Lidl Belgium to help suppliers reduce CO2 emissions

Wassim El Attar
Supply Chain Analyst
@Supplychain_IGD

Date : 22 June 2020

Lidl Belgium aims to send climate consultants to its main suppliers to help them reduce their CO2 emissions.

Looking at the supply chain

Lidl has been actively working to reduce its overall greenhouse gas footprint across its operations. It now aims to do so by looking at 60 suppliers, including 24 from Belgium, that account for 80% of the emissions in its supply chain.  

Lidl is collaborating with two strategic and independent sustainability consultancies. They are due to help suppliers draw up a CO2 action plan which identifies the largest sources of CO2 emissions in their operations, amongst other steps.

Lidl’s annual CO2 emissions is almost 900,000 tons. 93% of these emissions take place outside of Lidl’s operations, at suppliers or further down the chain, for example when extracting raw materials.  By 2030, The German discounter aims to reduce 36% CO2 emissions throughout its value chain.

Taking the lead

Philippe Weiler, head of sustainability Lidl, commented: “As a retailer, we want to take the lead and bear our full responsibility as a company: from the climate impact of our buildings to the production of the range we have in stores. That is why we want to convince our suppliers even more actively to participate in Lidl's sustainability efforts, because CO2 naturally goes beyond the supermarket walls.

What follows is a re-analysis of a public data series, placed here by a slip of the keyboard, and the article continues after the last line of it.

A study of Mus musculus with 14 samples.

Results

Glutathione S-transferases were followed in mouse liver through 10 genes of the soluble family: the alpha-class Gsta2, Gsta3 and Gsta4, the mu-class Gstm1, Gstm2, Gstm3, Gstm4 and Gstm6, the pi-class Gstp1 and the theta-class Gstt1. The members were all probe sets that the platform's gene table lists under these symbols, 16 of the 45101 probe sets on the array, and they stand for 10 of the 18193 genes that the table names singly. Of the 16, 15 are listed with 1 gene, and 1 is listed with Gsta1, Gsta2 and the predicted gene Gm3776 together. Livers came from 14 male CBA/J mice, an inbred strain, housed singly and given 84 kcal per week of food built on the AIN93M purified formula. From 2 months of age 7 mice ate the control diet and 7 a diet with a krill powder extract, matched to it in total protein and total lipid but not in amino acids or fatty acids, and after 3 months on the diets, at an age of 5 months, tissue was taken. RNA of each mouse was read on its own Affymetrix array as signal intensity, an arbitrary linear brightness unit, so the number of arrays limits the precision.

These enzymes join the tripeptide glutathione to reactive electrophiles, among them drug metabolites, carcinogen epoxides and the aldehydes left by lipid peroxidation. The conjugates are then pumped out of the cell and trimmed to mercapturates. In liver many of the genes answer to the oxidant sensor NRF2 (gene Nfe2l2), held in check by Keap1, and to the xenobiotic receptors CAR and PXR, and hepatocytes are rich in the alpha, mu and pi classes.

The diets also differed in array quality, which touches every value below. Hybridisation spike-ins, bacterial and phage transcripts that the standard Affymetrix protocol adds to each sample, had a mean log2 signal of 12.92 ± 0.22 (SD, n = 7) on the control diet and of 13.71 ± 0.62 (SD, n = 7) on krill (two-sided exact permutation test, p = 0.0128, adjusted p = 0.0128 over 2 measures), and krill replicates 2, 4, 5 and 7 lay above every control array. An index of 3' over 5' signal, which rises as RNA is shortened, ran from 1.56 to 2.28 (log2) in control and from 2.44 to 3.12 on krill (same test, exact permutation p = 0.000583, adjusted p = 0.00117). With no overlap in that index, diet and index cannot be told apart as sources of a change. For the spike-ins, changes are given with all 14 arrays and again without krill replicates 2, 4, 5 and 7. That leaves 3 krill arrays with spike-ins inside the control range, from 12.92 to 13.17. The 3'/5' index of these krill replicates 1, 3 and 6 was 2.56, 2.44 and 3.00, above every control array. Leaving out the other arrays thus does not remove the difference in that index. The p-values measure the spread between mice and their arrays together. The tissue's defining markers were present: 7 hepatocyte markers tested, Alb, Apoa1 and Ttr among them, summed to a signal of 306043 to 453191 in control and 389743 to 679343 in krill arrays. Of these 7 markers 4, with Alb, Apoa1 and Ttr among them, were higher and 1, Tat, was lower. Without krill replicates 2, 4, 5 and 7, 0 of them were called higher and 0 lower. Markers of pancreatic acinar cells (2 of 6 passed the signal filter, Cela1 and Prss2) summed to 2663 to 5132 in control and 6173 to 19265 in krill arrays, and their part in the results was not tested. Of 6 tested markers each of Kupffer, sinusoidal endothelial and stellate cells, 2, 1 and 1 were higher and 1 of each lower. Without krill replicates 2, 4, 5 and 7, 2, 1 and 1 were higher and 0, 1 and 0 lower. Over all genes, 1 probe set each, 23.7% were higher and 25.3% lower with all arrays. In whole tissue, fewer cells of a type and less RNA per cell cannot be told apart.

“During the first visits to a few suppliers, we managed to place climate on the agenda for the first time. Most are now looking at the calculated carbon footprint and which concrete measures they can take with regard to energy efficiency or renewable energy. Some already want to go a step further by organizing a workshop with their own suppliers.”

According to the German discounter, meat processing company De Keyser, among others, has already been paid a visit by climate consultants. Product Manager at REMIC / De Keyser, Kevin Van Dorpe, said: “We got a clearer view of which measures can have an effective impact within the entire supermarket chain. Their advice and external view were very valuable to us.

“Thanks to their visit, there are now a number of action points on the table that we want to tackle further, such as where we can combat energy losses and opportunities to optimise our logistics.”